Ethereum, despite what you may think, did not see a positive 2019. The second-largest cryptocurrency by market capitalization registered a slightly negative performance in 2019, which was starkly contrasted by Bitcoin’s yearly gain of over 90%.
This meant that the market for ETH/BTC fell off a cliff, with the price of one Ether falling as low as 0.016 BTC — the lowest the pair had been in years and around 90% below the all-time high well above 0.1 BTC.
Unfortunately, a prominent analyst does not expect this strength to last, recently suggesting that ETH/BTC is likely to underperform as we move into March.
Could Ethereum Start Underperforming Bitcoin?
Luke Martin, a CNN-featured cryptocurrency analyst and industry podcaster, recently explained that he is “expecting ETH underperformance” as the crypto market moves into March.
As to why Martin thinks this is the case, he shared the below chart, accentuating that Ethereum’s momentum has cleared started to turn bearish after last week’s price action.
This trend reversal, his chart depicted, is likely to bring the ETH/BTC pair down 10% lower in the coming weeks to 0.0218 to 0.0223, a historical zone of crucial resistance that should theoretically act as support in the coming weeks.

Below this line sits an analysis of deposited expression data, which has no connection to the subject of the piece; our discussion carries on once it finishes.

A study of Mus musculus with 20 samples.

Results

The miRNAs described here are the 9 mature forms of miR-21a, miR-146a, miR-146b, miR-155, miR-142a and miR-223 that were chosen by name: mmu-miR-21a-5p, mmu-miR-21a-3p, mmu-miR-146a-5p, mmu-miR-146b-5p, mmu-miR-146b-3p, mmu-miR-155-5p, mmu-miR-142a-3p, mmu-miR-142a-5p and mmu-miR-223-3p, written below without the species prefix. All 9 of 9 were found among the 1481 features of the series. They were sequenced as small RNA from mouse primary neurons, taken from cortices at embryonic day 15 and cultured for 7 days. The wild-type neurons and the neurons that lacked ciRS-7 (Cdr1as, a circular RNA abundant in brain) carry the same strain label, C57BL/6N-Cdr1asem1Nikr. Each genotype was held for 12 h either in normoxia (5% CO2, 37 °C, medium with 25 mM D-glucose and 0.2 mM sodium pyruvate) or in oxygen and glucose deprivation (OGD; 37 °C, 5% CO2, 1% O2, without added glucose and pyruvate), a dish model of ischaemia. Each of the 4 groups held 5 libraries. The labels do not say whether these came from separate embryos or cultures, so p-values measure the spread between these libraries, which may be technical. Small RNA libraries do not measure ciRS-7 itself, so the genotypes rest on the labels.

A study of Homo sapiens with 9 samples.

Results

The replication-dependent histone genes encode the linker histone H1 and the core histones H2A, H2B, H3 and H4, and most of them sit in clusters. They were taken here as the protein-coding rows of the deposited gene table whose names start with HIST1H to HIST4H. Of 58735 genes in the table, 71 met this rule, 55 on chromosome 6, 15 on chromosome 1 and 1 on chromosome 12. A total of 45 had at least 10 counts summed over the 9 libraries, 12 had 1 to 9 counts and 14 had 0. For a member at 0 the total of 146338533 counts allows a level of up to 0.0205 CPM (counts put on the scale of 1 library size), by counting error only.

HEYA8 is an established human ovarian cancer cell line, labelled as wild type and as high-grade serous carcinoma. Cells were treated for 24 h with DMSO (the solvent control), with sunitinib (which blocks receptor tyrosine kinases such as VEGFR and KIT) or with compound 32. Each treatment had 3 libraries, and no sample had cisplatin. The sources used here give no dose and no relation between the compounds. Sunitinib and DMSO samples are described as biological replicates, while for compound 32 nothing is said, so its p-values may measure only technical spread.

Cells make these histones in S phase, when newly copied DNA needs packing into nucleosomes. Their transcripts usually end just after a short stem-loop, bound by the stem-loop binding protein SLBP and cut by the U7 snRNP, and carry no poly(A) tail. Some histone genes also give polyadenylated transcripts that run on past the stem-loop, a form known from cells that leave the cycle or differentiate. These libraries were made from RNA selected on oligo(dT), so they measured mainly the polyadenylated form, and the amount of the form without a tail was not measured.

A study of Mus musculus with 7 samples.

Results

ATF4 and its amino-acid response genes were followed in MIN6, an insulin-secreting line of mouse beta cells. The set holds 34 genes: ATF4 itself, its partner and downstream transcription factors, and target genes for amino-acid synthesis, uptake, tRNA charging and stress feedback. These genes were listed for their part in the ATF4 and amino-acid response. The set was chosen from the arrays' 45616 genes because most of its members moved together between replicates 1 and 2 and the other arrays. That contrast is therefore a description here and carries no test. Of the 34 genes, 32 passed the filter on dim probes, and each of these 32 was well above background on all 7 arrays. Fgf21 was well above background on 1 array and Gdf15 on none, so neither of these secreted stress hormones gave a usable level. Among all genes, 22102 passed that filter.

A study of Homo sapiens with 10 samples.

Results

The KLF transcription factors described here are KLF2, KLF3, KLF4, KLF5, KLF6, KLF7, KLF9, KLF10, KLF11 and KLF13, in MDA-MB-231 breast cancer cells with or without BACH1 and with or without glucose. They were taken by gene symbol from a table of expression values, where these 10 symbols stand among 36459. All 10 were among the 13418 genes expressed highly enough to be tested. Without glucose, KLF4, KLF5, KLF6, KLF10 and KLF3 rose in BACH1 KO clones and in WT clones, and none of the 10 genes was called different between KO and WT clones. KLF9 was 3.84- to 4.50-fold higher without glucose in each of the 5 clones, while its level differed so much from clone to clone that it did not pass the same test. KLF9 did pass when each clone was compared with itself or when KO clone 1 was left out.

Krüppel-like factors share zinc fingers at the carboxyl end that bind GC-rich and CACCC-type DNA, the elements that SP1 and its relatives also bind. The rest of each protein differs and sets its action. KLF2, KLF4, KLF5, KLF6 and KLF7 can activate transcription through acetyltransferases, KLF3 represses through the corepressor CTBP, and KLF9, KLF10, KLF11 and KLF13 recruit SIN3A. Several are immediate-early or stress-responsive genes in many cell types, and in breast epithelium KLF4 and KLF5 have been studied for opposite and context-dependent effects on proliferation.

DeFi Issues Could Add to ETH Risk
It isn’t only the technical analysis outlook that suggests Ethereum bulls may be in for a tough time, it’s the fundamentals too.
While the blockchain’s decentralized finance (DeFi) ecosystem has seen immense growth over the past few months, with companies releasing innovative projects and attracting thousands of users, DeFi has experienced some issues.
As explained in a previous NewsBTC report, two manipulative exploits of a DeFi platform, bZx, saw participants lose $300,000 and $650,000, respectively, for a total of nearly $1 million. More recently, a crafty Ethereum user managed to take $140,000 worth of ETH from a contract, while a human error glitch with a Chainlink data feed allowed users to incorrectly earn around $30,000.
Some commentators across the cryptocurrency field have said that these debacles in DeFi prove that Ethereum’s “killer use case,” as some have dubbed on-blockchain finance, is not killer just yet, potentially hampering adoption.